Watchmen's Dr. Manhattan reshaped the world of that story. With godlike powers, he strode into a world where everyone else was only a man, and forever altered history.
Now, he's apparently the big bad behind the events of DC Universe: Rebirth, and one has to wonder: how do the heroes of the DC Universe handle that?
It's a question I've had parroted back at me a few times by people who know superhero stories only through the movies. When I mentioned at a recent party that they were incorporating elements of Watchmen into DC's next publishing initiative and potentially squaring Superman, Batman, and Wonder Woman against Dr. Manhattan in the process, I got the same question from different people: how could they beat him?
It's not an unfair question: a being of almost limitless power, Dr. Manhattan can rearrange matter, manipulate his size and density, be in more than one place at one time, and view the whole of history, making him extremely difficult if not impossible to strategize around. He's also been shown -- both in Watchmen and in recent DC Comics -- to use his matter manipulation abilities to simply turn those with whom he disagrees into a bloody smear with the wave of his hand.
Of course, we're talking about comics. There are characters who have plot armor and can't die. There are unexpected wrinkles. And, of course, there's the fact that, ultimately, we know the good guys will win.
So when the bad guy is this powerful, who can stand up to him? Well, we've got some ideas...!
How do you stop somebody whose powers make him basically a god?
Well, Cameron Chase is a good place to start.
The DEO Agent, who played a supporting role in the acclaimed Manhunter from Marc Andreyko and the New 52's Batwoman, has the ability to negate the metahuman abilities of those in her proximity.
Given the fact that she's an ordinary human, it might be hard to get her next to Manhattan to make it happen -- but it would certainly be worth the trouble to create a scenario where Superman is basically just fighting a naked guy with blue skin and no powers.
Again -- how do you fight somebody you can't beat 1-on-1?
Well, using their own power against them is a good answer. And in the DC Universe, one way to do that is Deadman.
Boston Brand is a former circus performer who, upon his death, became Deadman. Among other things, he helps lead people to their final resting realm, and he's got the ability to possess others.
Possessing Doctor Manhattan and forcing him to cooperate may be one of the better ways to take down a threat of that magnitude without huge collateral damage. But just how they could stop a threat like Manhattan for good merely by possessing his body? That would be the trick the writers would have to figure out.
In Watchmen a key part of the way Ozymandias managed to keep Manhattan back on his heels and manipulate him is that he took away Manhattan's ability to see the future, hobbling Manhattan's ability to predict an opponent's next move or even evaluate the circumstances he found himself in with the same nigh-omniscient sense of perspective that he usually has.
Booster Gold doesn't have the ability to do that, per se, but he and Rip Hunter have access to Vanishing Point -- a place outside (and unaffected by) time. It was there that the Linear Men prepared their champions for battle against Parallax during Zero Hour, because even somebody with all of time as his disposal -- as Parallax had -- couldn't see or stop them there.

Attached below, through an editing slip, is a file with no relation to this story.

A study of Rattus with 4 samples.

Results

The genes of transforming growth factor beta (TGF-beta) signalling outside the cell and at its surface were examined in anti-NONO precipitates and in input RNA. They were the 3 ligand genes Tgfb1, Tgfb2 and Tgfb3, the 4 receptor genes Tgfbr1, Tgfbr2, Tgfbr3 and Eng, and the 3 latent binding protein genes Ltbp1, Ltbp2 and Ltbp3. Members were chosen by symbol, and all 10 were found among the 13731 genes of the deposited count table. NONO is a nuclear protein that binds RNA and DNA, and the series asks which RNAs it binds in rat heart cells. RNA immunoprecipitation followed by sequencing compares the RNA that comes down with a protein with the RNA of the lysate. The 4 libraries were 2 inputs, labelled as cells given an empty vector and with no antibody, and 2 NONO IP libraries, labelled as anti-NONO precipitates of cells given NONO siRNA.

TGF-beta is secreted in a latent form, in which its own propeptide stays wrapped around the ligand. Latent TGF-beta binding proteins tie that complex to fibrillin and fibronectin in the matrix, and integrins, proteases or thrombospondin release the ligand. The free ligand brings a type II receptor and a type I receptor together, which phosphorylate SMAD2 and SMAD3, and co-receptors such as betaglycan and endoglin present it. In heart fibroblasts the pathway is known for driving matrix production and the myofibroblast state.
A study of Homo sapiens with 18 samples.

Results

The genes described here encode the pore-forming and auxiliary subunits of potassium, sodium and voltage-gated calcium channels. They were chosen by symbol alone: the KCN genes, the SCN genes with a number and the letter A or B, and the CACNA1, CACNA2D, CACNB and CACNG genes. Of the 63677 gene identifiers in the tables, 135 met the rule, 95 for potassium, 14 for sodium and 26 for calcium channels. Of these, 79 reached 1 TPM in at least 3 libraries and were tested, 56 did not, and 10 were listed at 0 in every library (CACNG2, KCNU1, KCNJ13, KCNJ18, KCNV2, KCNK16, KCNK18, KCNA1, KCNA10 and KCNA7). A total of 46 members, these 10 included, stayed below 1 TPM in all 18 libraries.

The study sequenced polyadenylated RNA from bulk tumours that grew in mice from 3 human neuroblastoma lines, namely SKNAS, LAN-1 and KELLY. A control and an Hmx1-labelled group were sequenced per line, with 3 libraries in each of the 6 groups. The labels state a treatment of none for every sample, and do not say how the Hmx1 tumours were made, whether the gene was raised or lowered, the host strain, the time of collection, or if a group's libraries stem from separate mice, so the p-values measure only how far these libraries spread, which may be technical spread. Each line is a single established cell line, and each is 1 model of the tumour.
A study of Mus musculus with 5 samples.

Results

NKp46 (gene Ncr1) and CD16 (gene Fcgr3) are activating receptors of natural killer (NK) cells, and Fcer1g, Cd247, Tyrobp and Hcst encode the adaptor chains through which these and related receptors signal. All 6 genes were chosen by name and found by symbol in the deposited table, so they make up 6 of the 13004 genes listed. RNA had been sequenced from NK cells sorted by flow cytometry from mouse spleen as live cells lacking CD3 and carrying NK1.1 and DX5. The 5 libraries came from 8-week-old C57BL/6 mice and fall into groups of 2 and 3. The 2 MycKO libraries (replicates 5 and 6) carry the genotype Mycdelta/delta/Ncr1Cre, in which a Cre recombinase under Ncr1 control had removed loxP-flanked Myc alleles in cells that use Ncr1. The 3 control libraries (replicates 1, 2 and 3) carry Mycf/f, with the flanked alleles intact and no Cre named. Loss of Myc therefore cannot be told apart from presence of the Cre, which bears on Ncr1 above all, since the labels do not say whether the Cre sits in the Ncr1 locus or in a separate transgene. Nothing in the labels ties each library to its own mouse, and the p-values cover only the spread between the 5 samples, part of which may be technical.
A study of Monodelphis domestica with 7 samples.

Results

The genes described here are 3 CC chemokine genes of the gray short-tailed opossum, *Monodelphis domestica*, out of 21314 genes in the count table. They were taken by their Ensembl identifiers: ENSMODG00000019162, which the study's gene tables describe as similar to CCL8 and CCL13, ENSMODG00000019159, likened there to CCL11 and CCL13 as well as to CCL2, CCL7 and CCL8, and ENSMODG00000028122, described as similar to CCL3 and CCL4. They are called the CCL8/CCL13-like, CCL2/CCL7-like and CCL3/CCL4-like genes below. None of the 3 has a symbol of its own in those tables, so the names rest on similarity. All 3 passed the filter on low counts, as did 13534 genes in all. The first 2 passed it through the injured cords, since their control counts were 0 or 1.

Of course, as it pertains to time travel there's always the "cheating" method of storytelling, too. If they could find the Earth from which Doctor Manhattan originated, they could travel back to the day of Jon Osterman's accident and prevent Manhattan from ever coming into existence in the first place. Given that the Watchmen timeline isn't the main DC Universe timeline, and that it was so broken it's hard to argue that the seismic changes made to the timeline as a result of removing Doctor Manhattan would make it worse, that's a possibility.
In the world of Watchmen, there aren't any real super-people outside of Doctor Manhattan himself...and he's very solidly science-based.
That means if there's an area where he's likely to be weak, it's in the realm of magic, something with which he's presumably never dealt.
Doctor Fate -- who can inhabit an astral form that Manhattan can't just blast, is one of a handful of DC Universe magic characters who could present a threat to Manhattan. See also The Spectre, who's played a key role in battling threats on the scale of a Doctor Manhattan (the Anti-Monitor, Parallax) more than once in Crisis-level events.
Here's the thing about Dr. Manhattan: he's cold, calculating and, ostensibly, rational.
What led him to side with Ozymandias in Watchmen wasn't any sense that he wanted to control or dominate humanity, but the idea that Ozymandias's murderous plan would create fewer deaths than nuclear war.
That said, he was logicked and reasoned into a corner in Watchmen, when he decided to come help humanity in spite of his better judgment. And before that, he was willing to forgo doing the "right" thing because he had already seen the future, knew what he was going to do, and was fairly set in his ways. If he were to look ahead and see that his defeat it inevitable, and that it was for the better, he might be willing to seethe wisdom of surrender.
Manhattan's personal take on logic doesn't always make sense to me, so it's distinctly possible that he could even be his own worst enemy in some totally unexpected way.